FEATURE | Posted Dec. 2, 2015

An alternative to eyedrops for glaucoma patients

New drug delivery systems needed to help reduce vision loss

Graphic of eye
The flexible ocular insert is less than 29 mm in diameter, about the size of a half dollar, and releases drug to reduce intraocular pressure for up to six months for glaucoma patients. Phase 3 trials will be planned sometime in 2016.

For patients with glaucoma who do not remember or find it difficult to take their eyedrops as their physicians prescribe, the UC Davis Eye Center is investigating a novel insert that delivers time-released drug for up to six months, potentially eliminating the need for daily eyedrops.

The flexible, hoop-shaped insert rests on the surface of the eye and delivers drug to reduce high intraocular pressure in glaucoma patients. A small national study led by UC Davis Eye Center professor James D. Brandt, principle investigator of the Phase 2 clinical trial, found the insert to be both safe and well tolerated by participants. Brandt reported the results at the American Academy of Ophthalmology annual meeting Nov. 17.

Glaucoma is a group of eye diseases in which the normal fluid pressure inside the eyes slowly rises, leading to vision loss or even blindness. It is one of the leading causes of blindness in the U.S. and the second leading cause of blindness worldwide. While early diagnosis and treatment with drugs that lower intraocular pressure are highly effective at managing glaucoma, patients are often unaware that they have the condition, and often even when diagnosed, they have difficulty using eye drops properly.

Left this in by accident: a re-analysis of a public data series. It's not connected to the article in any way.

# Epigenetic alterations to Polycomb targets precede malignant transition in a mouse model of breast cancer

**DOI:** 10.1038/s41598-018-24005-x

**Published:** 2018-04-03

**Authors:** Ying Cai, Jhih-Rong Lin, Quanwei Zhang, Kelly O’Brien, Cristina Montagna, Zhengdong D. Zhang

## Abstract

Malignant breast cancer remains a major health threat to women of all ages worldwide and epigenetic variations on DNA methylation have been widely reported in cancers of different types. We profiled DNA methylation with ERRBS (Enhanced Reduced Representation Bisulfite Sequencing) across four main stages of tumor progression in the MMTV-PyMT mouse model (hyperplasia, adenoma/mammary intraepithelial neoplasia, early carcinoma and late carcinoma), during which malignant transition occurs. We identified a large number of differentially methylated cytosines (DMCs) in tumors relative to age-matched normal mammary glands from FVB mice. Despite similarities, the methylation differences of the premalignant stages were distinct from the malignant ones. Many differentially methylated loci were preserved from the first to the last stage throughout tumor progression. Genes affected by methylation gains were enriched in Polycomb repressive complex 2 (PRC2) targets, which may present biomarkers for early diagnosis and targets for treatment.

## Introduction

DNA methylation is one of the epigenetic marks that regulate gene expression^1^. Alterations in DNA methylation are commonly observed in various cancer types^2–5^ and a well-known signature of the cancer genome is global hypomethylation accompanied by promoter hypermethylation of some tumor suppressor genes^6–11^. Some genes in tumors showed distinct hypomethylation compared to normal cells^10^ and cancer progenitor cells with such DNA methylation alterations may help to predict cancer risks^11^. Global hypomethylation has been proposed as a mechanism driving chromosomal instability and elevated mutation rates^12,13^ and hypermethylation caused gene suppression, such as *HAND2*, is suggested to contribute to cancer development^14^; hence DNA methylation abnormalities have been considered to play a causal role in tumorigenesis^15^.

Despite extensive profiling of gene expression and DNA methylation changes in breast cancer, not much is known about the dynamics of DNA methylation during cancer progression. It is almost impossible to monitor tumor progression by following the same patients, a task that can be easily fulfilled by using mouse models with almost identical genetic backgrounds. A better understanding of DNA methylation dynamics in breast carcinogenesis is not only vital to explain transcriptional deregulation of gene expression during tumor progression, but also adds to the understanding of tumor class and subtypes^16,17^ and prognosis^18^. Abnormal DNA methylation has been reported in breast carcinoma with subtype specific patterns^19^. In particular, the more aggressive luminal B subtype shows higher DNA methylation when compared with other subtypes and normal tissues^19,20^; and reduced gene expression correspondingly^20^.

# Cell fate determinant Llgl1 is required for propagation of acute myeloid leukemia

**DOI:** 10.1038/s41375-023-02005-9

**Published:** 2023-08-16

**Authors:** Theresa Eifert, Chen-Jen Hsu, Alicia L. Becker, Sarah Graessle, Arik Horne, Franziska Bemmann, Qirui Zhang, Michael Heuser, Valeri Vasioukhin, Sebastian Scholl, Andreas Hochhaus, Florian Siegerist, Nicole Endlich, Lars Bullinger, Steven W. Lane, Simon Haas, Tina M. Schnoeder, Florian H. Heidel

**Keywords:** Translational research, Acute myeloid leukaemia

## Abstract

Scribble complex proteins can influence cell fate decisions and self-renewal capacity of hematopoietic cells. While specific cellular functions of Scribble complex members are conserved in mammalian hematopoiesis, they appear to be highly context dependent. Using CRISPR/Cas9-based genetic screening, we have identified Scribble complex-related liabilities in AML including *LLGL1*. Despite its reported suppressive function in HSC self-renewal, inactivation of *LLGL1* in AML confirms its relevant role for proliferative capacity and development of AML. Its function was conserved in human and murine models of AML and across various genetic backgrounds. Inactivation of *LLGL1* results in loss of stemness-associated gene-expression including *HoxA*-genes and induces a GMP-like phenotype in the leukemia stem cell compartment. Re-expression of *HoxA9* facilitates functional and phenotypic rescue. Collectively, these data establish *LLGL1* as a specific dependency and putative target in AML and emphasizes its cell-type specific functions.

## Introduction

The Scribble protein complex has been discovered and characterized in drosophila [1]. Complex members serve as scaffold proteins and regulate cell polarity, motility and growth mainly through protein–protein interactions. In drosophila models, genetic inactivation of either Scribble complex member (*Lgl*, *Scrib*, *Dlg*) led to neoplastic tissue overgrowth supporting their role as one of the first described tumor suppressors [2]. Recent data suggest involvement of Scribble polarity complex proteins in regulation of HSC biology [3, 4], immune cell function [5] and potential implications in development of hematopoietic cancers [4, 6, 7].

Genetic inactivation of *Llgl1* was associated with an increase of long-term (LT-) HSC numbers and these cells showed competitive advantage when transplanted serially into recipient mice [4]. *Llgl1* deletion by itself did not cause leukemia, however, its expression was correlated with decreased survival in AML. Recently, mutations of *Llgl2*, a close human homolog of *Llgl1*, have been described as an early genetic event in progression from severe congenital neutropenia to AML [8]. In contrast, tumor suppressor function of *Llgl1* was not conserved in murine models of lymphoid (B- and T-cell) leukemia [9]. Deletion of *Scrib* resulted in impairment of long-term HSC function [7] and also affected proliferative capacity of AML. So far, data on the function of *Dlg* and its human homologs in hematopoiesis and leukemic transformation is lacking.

Dr. James Brandt © UC Regents“We know that a significant portion of patients struggle with taking their eye drops to lower intraocular pressure (IOP) consistently as prescribed by their physician, and inadequate eye-drop usage leads to vision loss.”
— James Brandt

“We know that a significant portion of patients struggle with taking their eye drops to lower intraocular pressure (IOP) consistently as prescribed by their physician, and inadequate eye-drop usage leads to vision loss,” Brandt said. “A well-tolerated, well-retained, topical, sustained drug-delivery system that provides clinically relevant IOP-lowering for six months would allow us to treat these patients in a meaningful way.”

The Phase 2 study assessed the safety and tolerability of the insert in 130 patients at 10 clinical centers nationwide. For the study, one group of participants received the ocular insert containing an intraocular pressure-reducing drug along with non-medicated eye drops taken twice daily. The other group took an ocular pressure-reducing eye drops (timolol) twice daily and received an ocular insert containing no drug.

Patients with the drug-containing ocular insert maintained reduced ocular pressure for the six-month study period, and had a 4 to 6 mm Hg reduction in ocular pressure at the end of the 12-week study period. The insert was also well tolerated by study participants, with approximately 90 percent retaining the inserts in both eyes for six months without clinician assistance.

Learn more about current clinical trials at the UC Davis Eye Center

A Phase 3 clinical trial with a significantly larger sample size is planned for 2016.

ForSight Vision5, a company based in Menlo Park, Calif., developed the time-released drug insert. The company is focused on developing non-invasive drug-delivery products that replace eye drops and provide sustained therapy for major eye diseases including glaucoma, dry eye and allergy. A Phase 3 clinical trial is planned for 2016.